SCAT Field Training for New Contractor Supervisors


Being quite different than other areas, the Bodo Project has developed new tools for site assessments in mangrove-mud dominated areas specific to the Niger Delta that is not yet taught at the international level.

To make supervisors aware of the specific field requirements in the Bodo cleanup area, the Shoreline Cleanup Assessment Technique (SCAT) Team provided a hands-on field training session for Group 2 site supervisors to delineate the goals and expectations of cleanup levels and the international standards that they must meet throughout the cleanup process.

Second Group of 800 Workers Trained and Ready for Bodo Cleanup

 

The organizer of the event, BMI SCAT team leader Nicholas Story, noted that the training was immediately successful by clearing up many of the questions supervisors had concerning cleanup criteria and the applied international standards for oil spill remediation.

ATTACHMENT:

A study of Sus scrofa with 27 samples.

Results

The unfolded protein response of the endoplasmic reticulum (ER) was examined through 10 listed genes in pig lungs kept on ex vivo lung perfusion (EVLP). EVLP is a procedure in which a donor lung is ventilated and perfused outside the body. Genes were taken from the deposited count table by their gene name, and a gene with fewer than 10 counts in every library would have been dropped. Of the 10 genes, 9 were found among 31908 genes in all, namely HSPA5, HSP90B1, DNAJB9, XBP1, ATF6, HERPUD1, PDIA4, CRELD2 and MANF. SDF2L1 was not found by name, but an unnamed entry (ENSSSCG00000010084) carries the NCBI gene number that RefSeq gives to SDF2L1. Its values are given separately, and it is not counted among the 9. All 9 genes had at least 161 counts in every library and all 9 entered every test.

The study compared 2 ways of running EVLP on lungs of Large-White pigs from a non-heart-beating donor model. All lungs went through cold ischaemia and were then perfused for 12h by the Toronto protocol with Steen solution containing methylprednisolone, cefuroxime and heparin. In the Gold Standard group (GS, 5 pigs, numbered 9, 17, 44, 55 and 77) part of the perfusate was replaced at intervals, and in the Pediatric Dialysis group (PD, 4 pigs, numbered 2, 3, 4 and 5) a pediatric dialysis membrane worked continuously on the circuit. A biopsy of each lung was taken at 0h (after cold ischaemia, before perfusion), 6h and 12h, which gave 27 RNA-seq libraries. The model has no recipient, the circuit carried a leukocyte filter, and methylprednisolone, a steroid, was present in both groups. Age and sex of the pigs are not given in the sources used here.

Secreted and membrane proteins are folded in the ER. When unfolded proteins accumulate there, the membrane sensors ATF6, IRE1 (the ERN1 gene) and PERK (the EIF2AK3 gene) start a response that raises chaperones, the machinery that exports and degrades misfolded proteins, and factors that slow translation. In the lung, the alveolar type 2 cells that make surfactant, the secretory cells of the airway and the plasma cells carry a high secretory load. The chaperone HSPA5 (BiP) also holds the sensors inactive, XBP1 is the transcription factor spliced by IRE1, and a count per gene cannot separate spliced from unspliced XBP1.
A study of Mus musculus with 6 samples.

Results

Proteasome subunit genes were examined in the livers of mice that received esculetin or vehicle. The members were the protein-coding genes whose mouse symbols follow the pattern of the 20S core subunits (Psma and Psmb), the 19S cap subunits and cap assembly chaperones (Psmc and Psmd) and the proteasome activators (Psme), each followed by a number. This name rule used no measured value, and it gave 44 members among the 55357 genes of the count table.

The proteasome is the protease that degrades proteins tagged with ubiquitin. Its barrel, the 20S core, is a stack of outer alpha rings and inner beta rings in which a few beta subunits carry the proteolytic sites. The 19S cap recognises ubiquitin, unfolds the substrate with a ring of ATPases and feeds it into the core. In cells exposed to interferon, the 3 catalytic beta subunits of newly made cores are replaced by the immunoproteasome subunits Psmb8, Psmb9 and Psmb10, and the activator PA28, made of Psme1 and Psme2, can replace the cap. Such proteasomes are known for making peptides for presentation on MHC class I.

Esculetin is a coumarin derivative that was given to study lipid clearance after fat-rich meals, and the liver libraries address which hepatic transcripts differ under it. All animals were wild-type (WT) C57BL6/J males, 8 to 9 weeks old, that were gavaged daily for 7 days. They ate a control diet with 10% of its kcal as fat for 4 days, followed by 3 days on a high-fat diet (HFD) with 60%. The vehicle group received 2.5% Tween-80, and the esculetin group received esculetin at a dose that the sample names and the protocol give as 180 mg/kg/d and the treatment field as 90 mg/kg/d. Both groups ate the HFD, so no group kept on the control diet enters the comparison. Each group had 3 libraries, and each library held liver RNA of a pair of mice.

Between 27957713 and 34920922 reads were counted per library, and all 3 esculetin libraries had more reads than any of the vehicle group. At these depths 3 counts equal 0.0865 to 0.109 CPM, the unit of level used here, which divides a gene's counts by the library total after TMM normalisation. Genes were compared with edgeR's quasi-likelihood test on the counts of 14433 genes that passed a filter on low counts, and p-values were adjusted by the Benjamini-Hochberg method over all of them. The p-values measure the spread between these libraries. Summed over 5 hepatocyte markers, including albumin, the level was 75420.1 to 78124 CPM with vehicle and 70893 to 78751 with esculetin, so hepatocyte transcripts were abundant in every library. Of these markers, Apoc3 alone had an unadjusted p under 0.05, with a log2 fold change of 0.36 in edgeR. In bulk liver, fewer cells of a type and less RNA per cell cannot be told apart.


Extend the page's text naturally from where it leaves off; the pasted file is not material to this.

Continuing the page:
In addition to the SCAT Team Leader, other SCAT members assisting with training included representatives from the Bodo Mediation Initiative (BMI), the Bodo Community, the Rivers State Ministry of the Environment (RSMENV), Department of Petroleum Resources (DPR) and The Shell Petroleum Development Company of Nigeria (SPDC).

Included among the many topics covered were the removal of nipa palm, breakup of surface algae, pit oiling observation methods, good booming practices, expectations for refinery cleanup, and other related items.

Because a major hurdle for completing cleanup of a Grid work area relates to the amount of oil covering the surface water in pits dug to 25-30 cm across the designated work area, this observational skill was reviewed in detail by using pits dug by supervisors and then estimating percent oil coverage. This allowed the supervisors to get immediate feedback on their pit oiling values as well as to ask questions about field related issues such as good booming practices and the required scope for cleaning up artisanal refineries.

As the cleanup progresses, it is likely that SCAT will conduct additional trainings on an as-needed basis.